Lepisto wins ladies title in Helsinki

Kostner wins free but finishes with silver medal

Gold medalist Laura Lepisto (middle) poses with the other medalists in Helsinki.
Gold medalist Laura Lepisto (middle) poses with the other medalists in Helsinki. (Getty Images)


(01/24/2009) - Finland's Laura Lepistö, who won the bronze medal last year, won the ladies event at the 2009 European Championships, the first win in history for a Finnish lady at Europeans.

Lepistö, who led after the short program, was second in the free skate with a season-high 110.70 points. She had 167.32 points in total.

Skating to the motion picture soundtrack Don Juan Demarco, Lepistö skated a clean program, except for popping a planned triple Lutz.

She landed triple toe-double toe, triple loop-double toe, and triple Salchow-double toe combinations, plus a triple loop and two double Axels.

"This is an indescribable feeling," Lepistö said. "I could never have imagined this to happen. I had said that my goal is to medal, but that it would be gold, I can't realize it.

"This was one of the best days of my life, and I will probably, never, ever forget it."

Italy's Carolina Kostner, the defending European champion, won the free skate with a season-high 114.06 points.

Skating to "Dumky Trio" by Anton Dvorak, Kostner received no points for her combination spin, and that was the difference between silver and gold.

Kostner landed a triple Lutz-double toe-double loop, double Axel-double toe loop, and triple flip-double toe loop combinations, although the latter was planned as a triple-triple.

She also landed a double Axel, a triple Salchow and a triple loop, but she doubled a planned triple flip.

A of 165.42 points gave Kostner the silver medal.

"I am very pleased," Kostner said. "It's good to see that I'm improving [in her score].

"I'm happy for Laura that she could win in front of her home crowd," she added. "This must be an amazing feeling. Next year, the world championships are in my home town, so I hope I can do the same."

Finland's Susanna Pöykiö, who was second after the short, scored a season-high 100.25 points in the free skate to place third in the segment. With 156.31 points, she won the bronze medal, her second medal at the Europeans after winning a silver in 2005.

"I'm really pleased about winning the bronze medal, but I could have skated better," Pöykiö said. "I'm disappointed about doing only double Lutz-double toe combination and double flip."

Pöykiö had planned a triple Lutz-double toe and a triple flip. She also under-rotated a triple toe loop late in the program.

Pöykiö completed a triple flip-triple toe-triple loop and triple toe-double toe combinations, a triple Salchow and a double Axel.

She skated to "Scherzando" from "Cello Sonata in G Minor," "Melody on a Theme," and "Allegro Scherzando" from "Piano Concerto No. 2" by Sergei Rachmaninov.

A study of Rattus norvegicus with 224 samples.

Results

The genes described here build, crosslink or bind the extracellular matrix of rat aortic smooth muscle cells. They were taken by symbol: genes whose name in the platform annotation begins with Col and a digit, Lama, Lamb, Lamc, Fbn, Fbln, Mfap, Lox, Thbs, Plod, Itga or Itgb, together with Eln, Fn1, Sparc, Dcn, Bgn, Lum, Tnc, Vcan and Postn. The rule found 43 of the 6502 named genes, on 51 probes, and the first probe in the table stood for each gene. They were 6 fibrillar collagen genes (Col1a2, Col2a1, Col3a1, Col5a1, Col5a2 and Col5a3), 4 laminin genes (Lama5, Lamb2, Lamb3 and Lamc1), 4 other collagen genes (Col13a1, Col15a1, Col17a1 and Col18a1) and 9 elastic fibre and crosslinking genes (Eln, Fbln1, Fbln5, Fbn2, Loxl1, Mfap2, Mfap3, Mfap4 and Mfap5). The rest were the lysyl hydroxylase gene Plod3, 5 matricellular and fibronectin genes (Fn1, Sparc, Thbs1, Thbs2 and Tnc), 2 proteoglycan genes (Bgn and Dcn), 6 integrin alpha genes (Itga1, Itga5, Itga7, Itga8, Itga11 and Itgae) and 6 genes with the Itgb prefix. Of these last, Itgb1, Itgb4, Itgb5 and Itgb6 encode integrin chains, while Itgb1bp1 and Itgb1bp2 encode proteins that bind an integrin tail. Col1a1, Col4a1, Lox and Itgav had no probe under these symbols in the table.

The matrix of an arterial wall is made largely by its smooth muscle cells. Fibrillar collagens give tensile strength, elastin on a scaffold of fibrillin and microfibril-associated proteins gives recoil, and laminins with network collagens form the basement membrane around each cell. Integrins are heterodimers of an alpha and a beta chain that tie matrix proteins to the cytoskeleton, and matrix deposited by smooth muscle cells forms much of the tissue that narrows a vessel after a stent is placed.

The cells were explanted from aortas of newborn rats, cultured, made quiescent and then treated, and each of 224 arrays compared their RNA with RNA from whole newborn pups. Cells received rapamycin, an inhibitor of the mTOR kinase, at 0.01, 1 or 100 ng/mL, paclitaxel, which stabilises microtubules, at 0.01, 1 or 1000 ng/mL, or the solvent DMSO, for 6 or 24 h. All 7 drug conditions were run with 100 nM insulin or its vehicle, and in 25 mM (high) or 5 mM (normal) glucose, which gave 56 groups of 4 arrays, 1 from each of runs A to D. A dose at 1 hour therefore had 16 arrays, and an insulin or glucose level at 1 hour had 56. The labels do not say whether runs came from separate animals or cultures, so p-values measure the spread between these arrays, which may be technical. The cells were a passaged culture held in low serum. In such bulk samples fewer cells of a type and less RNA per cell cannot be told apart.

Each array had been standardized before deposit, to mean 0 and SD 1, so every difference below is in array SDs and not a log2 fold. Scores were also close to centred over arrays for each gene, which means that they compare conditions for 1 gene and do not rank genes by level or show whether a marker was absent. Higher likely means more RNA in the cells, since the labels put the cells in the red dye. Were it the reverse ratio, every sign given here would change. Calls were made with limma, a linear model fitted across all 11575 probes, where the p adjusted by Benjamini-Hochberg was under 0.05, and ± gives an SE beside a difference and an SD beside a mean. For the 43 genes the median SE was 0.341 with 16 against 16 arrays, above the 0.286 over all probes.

Russia's Alena Leonova, who was 11th in the short, fought back to take fourth in the long and overall with 98.91 and 143.99 points, respectively, both personal bests.

She skated to "La Leyenda del Beso" by Raul di Blasio.

"I'm in shock," Leonova said. "This was my best performance so far."

Leonova landed triple flip-double toe and triple Salchow-double toe-double loop combinations, but she stepped out of the second jump on her triple toe-double Axel sequence.

She also landed a triple Lutz, a triple loop, a triple flip, and a double Axel.

Finland's Kiira Korpi, who won the bronze medal in 2007, skated to "Crooked Room" and "Passenger to Copenhagen" by Kerkko Koskinen. She slipped off her edge and slid hard into the boards a few seconds into her program as she accelerated around the turn. Although shaken up by the fall, she came back to score 91.41 points to place sixth in the free skate.

She rose from seventh after the short to finish fifth overall with 139.01 points.

"I guess this is figure skating drama at its best," Korpi stated, "or in my case, at its worst. I honestly can't say what happened. The rest of the program was a fight. I can't be disappointed after such a bad beginning."

After her re-start, Korpi popped her opening triple Lutz but came back to land a triple Salchow-double toe loop combination, a triple loop and a triple Salchow.

She under-rotated the opening triple loop in a planned triple loop-double toe-double toe combination and left out the other two jumps before finishing with a double Axel-double toe loop combination and a double Axel.

Russia's Katarina Gerboldt, who skated to Bizet's "Carmen," scored a personal-best 88.43 points but placed eighth in the free skate.

Fifth after the short, Gerboldt dropped to sixth overall with 137.05 points.

"It was hard to skate after the top skaters and all the noise for the Finns," said Gerboldt, who followed Lepistö and Pöykiö to the ice. "It's a little upsetting that I lost to Alena Leonova, but I was sick, and she could prepare better."

"The Russian girls fulfilled the goal to secure three spots [for next year], while the men didn't," she added. "It's too early to write off the Russian girls."

Both Russian girls were competing in their first European championships.

Germany's Annette Dytrt, skating to Camille Saint-Saens "The Swan," scored 92.92 points in the free skate, 15 points above her season best, to place fifth in the segment. She landed a triple Salchow-double toe loop and double Axel-double toe loop combination, a triple flip, a triple loop, a triple Salchow and a double Axel, but she doubled a planned triple toe loop.

She was only 12th after the short, but with 136.98 points, Dytrt was seventh overall, her best finish at Europeans.

"My goal was to make the top six," Dytrt said. "I couldn't do it after the short. But I'm happy."